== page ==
Supervisor Hilda Solis on Exide clean-up funds: ‘Two Americas’ for too long

The Exide Technologies plant in Vernon, Calif., on Thursday, March 12, 2015.Photo by Keith Birmingham/Pasadena Star-News

Gov. Jerry Brown announced Wednesday he wants the state to spend $176.6 million to test and cleanup thousands of homes contaminated with lead near the closed Exide battery recycling plant in Vernon.

The additional funds expands Brown’s previous commitment of spending an additional $7 million this year on the Exide cleanup.

“This Exide battery recycling facility has been a problem for a very long time,” Brown said in a news release. “With this funding plan, we’re opening a new chapter that will help protect the community and hold Exide responsible.”

Local and state lawmakers recently called for Brown to expand the amount of money allocated to the cleanup effort. Some cited the speedy action taken by the state in relation to the Porter Ranch gas leak.

Brown declared a state of emergency in Porter Ranch on Jan. 6, about two months after the leak was discovered.

“Our voices were heard,” Supervisor Hilda Solis said in a statement. Solis, whose district includes Vernon, was among the lawmakers who called for more funding. “For too long we have seen two Americas: one in which affluent neighborhoods get immediate help and relief. The other America is made up of poor working-class families who silently suffer. Today’s announcement from the governor reconciles these two Americas. Today’s announcement is a step in the right direction.”

State Assemblyman Jimmy Gomez (D-Los Angeles) agreed, saying the governor’s action sends a message that the state values environmental fairness and equity.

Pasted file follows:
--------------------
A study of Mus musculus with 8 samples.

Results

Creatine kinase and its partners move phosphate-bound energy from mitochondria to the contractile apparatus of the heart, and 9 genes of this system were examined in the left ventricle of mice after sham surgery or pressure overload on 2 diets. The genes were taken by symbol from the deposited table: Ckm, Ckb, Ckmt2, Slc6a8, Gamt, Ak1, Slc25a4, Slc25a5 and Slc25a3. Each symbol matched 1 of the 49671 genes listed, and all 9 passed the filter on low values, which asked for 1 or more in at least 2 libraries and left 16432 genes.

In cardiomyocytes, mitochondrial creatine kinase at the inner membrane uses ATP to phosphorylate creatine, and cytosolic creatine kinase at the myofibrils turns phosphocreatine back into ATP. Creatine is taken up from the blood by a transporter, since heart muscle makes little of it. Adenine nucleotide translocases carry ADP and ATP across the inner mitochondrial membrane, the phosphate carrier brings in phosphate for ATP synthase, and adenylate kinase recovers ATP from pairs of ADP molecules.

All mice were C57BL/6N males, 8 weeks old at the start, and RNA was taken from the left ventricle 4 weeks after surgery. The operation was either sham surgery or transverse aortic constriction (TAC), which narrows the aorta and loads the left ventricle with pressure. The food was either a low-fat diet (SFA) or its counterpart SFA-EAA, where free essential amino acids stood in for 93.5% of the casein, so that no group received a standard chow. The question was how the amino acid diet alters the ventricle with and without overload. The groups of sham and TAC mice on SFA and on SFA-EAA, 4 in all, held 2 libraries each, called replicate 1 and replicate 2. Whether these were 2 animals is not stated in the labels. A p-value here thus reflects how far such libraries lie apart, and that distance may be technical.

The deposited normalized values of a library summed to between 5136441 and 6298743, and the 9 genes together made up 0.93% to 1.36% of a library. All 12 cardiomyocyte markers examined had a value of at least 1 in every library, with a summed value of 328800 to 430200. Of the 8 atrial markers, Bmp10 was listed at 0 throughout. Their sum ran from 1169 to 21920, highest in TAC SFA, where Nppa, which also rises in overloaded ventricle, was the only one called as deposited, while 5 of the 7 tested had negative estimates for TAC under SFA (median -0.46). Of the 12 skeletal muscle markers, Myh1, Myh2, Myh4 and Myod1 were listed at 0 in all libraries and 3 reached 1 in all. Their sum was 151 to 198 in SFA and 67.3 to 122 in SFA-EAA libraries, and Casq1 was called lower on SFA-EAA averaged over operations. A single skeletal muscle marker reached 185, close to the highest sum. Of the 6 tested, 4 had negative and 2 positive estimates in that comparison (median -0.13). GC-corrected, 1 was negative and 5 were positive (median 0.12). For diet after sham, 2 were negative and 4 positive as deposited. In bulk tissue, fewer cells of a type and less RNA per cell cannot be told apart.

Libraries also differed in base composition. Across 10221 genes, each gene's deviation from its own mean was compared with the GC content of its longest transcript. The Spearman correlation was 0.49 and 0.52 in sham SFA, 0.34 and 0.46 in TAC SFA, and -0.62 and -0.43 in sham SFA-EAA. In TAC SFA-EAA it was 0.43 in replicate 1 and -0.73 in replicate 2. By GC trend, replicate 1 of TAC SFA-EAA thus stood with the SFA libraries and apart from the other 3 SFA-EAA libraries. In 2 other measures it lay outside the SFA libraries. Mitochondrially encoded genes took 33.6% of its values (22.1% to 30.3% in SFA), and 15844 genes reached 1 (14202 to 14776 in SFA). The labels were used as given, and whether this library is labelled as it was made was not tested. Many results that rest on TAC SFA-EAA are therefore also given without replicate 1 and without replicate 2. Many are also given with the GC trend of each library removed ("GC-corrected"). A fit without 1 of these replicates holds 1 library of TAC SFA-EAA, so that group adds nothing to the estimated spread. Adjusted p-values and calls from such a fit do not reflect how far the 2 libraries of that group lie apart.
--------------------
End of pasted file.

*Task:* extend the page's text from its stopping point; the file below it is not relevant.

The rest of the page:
“I think Porter Ranch actually put a spotlight on these kinds of issues,” Gomez said in an interview. “I think it put a spotlight on how different parts of the state are treated.”

He said the response to the Porter Ranch gas leak was likely more immediate because the symptoms of the gas leak were more apparent than the long-term illnesses associated with lead exposure.

“When you don’t see people getting sick right away, you don’t think they are actually ill,” Gomez said. “I think the acute illnesses people were experiencing in Porter Ranch were real. I think it put a focus once again on Exide and East Los Angeles.”

Exide, which declared bankruptcy, released contaminants into the air for decades. The state reports that the contaminants have reached a 1.7-mile radius surrounding the plant and have affected potentially 10,000 homes.

State Department of Toxic Substances Control Director Barbara Lee said in a conference call with reporters the proposed $176.6 million is the largest appropriation of funds towards a single cleanup effort.

She said the department had been working with the governor on the plan for months. She said it was unrelated to the gas leak near Porter Ranch that has spewed 94,067 metric tons of methane since Oct. 23 from the Aliso Canyon storage facility, according to the California Air Resources Board.

“We’ve been working on this long before the issue around Porter Ranch came up and in fact, the department has not been involved in the Porter Ranch issue at all,” Lee said.

A Brown spokesman also said the Exide funding and response to Porter Ranch were unrelated.

“Both are serious and both merit strong action,” spokesman Evan Westrup said.

The $176.6 million will allow the state to test thousands of homes and remove lead-contaminated soil from 2,500 homes, schools, parks and day-care facilities, Lee said.

The money will also allow the DTSC to create tests to identify the agencies responsible for the contaminants, including Exide. The state will seek to recoup the cleanup expenses from responsible parties.

The state estimates the cost of cleaning one home is approximately $45,000.

Gomez called the $176.6 million a “down payment.” He said more money will be needed to clean the sites and to help families who have suffered negative health impacts.